Regional councillors have pressed pause on a request from TheMuseum in Kitchener for $100,000 to promote an upcoming exhibit about the Rolling Stones outside Waterloo region.
TheMuseum asked for the money to promote Unzipped, which is scheduled to open Nov. 30. It is the Canadian premiere of the travelling exhibit. TheMuseum says the exhibit could bring thousands of people to the region to see the memorabilia from the band and other related exhibits.
Regional councillors were considering the request Tuesday during a committee meeting. Regional staff had recommended no action be taken on the request, citing the fact that TheMuseum is in the second year of a three-year review of its finances, and there have been “some concerns with their operations.”
In a presentation to regional councillors during a committee meeting on Tuesday, TheMuseum’s CEO, David Marskell, said he felt the region as a whole will benefit from the exhibit.
“This is a huge, once-in-a-lifetime opportunity for TheMuseum and I believe for the region,” he told councillors. “We plan to make this festival as big as possible, working with as many community partners as possible to support the hotels, restaurants, bars and help reboot the local economy.”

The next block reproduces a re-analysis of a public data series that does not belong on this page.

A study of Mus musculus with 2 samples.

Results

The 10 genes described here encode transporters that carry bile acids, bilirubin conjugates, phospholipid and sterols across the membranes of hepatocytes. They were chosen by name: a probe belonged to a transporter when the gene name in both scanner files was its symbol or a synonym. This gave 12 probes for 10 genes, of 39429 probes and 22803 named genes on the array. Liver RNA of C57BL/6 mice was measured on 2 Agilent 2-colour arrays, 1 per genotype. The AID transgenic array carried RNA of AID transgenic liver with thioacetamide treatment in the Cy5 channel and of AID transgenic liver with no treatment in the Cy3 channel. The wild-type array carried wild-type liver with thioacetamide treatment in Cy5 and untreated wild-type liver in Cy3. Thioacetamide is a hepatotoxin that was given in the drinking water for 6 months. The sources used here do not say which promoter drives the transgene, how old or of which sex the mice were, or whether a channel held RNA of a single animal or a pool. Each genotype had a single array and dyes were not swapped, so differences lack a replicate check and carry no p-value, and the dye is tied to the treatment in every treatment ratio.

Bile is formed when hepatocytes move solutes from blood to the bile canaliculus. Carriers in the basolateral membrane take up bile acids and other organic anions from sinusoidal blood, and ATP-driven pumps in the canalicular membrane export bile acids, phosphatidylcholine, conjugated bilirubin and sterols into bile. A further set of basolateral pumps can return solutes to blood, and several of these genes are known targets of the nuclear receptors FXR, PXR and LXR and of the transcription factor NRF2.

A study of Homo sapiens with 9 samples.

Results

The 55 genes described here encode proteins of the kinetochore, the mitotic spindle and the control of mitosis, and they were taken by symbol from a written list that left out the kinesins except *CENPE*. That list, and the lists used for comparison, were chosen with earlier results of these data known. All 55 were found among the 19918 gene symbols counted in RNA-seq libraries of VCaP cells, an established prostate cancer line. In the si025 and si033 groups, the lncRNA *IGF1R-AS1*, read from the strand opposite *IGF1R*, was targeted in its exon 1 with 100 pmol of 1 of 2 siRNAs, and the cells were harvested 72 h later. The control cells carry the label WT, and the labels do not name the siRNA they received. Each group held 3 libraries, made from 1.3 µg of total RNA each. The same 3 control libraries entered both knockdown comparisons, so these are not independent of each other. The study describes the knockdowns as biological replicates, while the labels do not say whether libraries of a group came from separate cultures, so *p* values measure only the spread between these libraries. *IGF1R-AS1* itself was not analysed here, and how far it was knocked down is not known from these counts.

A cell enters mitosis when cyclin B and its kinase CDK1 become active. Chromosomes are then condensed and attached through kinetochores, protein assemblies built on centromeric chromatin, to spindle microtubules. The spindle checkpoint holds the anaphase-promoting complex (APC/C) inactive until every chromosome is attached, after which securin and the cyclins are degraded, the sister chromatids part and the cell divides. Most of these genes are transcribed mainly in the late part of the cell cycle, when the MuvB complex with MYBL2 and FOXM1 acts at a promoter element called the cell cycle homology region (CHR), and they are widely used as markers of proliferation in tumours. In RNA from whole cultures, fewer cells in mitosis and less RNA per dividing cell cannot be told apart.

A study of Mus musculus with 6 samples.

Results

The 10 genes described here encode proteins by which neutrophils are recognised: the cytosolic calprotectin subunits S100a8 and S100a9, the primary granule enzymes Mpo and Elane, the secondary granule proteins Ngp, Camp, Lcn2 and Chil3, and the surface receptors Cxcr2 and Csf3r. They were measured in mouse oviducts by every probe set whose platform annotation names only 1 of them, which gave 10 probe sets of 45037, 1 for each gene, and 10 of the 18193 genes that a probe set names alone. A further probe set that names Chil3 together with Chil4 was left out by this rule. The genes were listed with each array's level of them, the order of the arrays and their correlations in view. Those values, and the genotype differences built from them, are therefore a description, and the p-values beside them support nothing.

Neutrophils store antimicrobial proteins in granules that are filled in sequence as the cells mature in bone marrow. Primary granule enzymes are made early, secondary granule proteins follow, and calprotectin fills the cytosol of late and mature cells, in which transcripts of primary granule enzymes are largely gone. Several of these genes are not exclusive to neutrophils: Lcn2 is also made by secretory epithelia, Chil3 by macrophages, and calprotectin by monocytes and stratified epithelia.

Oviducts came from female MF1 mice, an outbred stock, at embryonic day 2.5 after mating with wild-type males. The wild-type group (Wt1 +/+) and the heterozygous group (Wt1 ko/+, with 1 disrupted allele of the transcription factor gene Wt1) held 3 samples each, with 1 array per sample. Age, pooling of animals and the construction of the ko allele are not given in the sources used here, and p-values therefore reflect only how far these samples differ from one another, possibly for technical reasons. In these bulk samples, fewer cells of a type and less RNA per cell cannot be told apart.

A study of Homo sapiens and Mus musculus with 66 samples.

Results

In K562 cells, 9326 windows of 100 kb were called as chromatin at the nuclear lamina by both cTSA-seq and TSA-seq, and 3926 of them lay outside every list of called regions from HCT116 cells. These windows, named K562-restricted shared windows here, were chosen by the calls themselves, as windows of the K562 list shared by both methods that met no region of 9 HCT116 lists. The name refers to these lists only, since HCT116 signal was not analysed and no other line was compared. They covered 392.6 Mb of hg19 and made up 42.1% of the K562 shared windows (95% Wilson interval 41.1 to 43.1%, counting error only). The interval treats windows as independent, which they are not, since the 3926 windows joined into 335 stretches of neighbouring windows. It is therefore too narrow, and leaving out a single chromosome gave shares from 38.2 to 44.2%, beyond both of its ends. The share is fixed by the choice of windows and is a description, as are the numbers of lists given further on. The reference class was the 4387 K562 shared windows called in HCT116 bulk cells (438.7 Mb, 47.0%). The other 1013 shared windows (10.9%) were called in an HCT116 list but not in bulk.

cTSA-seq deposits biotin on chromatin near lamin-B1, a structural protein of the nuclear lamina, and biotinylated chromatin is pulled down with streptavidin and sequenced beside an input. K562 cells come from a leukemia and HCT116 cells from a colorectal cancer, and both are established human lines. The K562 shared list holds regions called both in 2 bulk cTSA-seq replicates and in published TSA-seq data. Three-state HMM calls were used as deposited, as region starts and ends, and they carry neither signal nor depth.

Tickets already sold
TheMuseum started promoting the exhibit last September and Marskell said they’ve sold nearly 100,000 tickets already. They’re also working to secure corporate nights and bus tours, he said, noting they’ve had interest from people “as far away as Nova Scotia.”
Kitchener Mayor Berry Vrbanovic suggested regional council should hold off supporting or denying TheMuseum money until there are conversations with the federal and provincial governments about possible funding opportunities.
Once those other funding avenues have been explored, Vrbanovic said, then the region could “potentially look at how this leads into some of our post-COVID recovery efforts going forward.”
Contingency plan in case of COVID-19?
Regional Coun. Tom Galloway asked if there was a contingency plan for the exhibit if the COVID-19 pandemic was still a factor later this year.
“I think the project is pretty dependent on people feeling comfortable to travel, feeling comfortable to take out hotel rooms and come to the exhibit,” he said.
Marksell said TheMuseum has an out clause in its contract that would allow it to cancel the exhibit for “a very small penalty” three months ahead of the opening date.
Galloway said that clause is good for TheMuseum, but the $100,000 being requested of the region would likely already be spent advertising the exhibit in areas like Toronto, Montreal, Quebec and potentially Buffalo and Detroit.
The request was deferred until Marskell is able to provide more information on efforts to seek funding from other levels of government.